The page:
Tampa FL — The International Accreditation Forum has responded to an initial request by Oxebridge Quality Resources on the issue of AS9100 CB auditors requesting clients to complete PEAR and other audit forms prior to the audit, ruling that the practice is acceptable.
In response to a request for information on how to formally present the question to IAF, Mr. Norbert Borzek issued a preliminary response:
I can confirm that we do not see a problem, if the organization knowing it’s processes very well is filling in the requested audit forms provided that the auditor / audit team is verifying what is stated in the forms by the organization. Objective evidence for the verification shall be provided by the auditor / audit team.
As there are still auditors not using such a support of organizations there is no official procedure on such an approach.
I know that similar approaches are common practice also in other accreditation / certification schemes.
Oxebridge’s VP Operations Christopher Paris, who was preparing the request on behalf of industry stakeholders, said that given Mr. Borzek’s response, “there’s no point in pursuing this further with a more formal request. They’ve already ruled.”
The ruling is consistent with responses from the AAQG, IAQG, ANAB, training organization Plexus International and multiple registrars.
Mr. Paris has issued the following response.
AS9101D clearly defines the PEAR and other forms as audit evidence. This is not in dispute.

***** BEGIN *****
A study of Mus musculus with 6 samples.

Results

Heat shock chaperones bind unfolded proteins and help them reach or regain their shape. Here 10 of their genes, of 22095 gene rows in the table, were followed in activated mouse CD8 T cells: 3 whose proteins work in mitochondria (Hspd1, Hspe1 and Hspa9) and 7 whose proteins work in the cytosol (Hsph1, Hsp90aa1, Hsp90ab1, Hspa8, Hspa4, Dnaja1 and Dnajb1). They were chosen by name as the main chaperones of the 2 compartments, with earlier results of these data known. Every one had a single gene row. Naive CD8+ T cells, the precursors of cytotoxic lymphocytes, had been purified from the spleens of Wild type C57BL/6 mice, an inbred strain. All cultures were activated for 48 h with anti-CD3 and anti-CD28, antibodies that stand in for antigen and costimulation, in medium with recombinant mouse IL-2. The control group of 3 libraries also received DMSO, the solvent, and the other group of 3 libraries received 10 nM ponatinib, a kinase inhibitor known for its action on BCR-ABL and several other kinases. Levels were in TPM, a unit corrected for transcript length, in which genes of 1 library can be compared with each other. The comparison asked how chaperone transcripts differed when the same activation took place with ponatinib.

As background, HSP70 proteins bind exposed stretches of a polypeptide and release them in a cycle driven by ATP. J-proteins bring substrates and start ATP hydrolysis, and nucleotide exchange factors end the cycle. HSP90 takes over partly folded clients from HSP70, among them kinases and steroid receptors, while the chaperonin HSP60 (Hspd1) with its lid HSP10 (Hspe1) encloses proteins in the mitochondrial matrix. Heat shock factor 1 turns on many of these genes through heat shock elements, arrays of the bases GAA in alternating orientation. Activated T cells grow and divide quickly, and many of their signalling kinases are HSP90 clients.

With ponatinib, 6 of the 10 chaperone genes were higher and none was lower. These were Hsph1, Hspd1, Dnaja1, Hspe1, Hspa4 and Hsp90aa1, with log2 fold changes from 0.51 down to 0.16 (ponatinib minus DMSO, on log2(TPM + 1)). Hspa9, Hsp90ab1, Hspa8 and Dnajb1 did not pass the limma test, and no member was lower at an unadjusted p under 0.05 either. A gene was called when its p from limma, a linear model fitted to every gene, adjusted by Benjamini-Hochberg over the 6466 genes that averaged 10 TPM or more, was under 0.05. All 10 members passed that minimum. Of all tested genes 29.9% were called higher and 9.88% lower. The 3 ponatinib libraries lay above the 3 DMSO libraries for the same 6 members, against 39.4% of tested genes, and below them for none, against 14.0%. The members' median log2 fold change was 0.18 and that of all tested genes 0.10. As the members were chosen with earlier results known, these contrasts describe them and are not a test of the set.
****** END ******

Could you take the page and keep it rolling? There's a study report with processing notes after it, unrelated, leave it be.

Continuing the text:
Therefore, what the IAF is endorsing is a practice whereby auditors may request a client to complete evidence prior to an audit, and then have a CB auditor merely “verify” this evidence afterwards.
Both [IAQG and IAF] have defended this practice by saying there is no specific rule against it. I argue that when the 17021 standard says, “the audit team shall complete” this means the audit team, and not the auditee, but [the authorities] have both ruled otherwise.
This position will not be interpreted by CB’s as applying only to the PEAR. It will open the floodgates for CB auditors to conduct any practice that is not otherwise prohibited in the standard. It will affect any QMS accreditation scheme subject to 17021, not just AS9100. It will result in more of what we are seeing now: companies hiring consultants to “pre-complete” audit evidence prior to an audit, ensuring the resulting language portrays a glowing report of the client, and then merely have the CB auditor sign off. When challenged, they need only point to your decision.
Oxebridge will report more on this as it develops.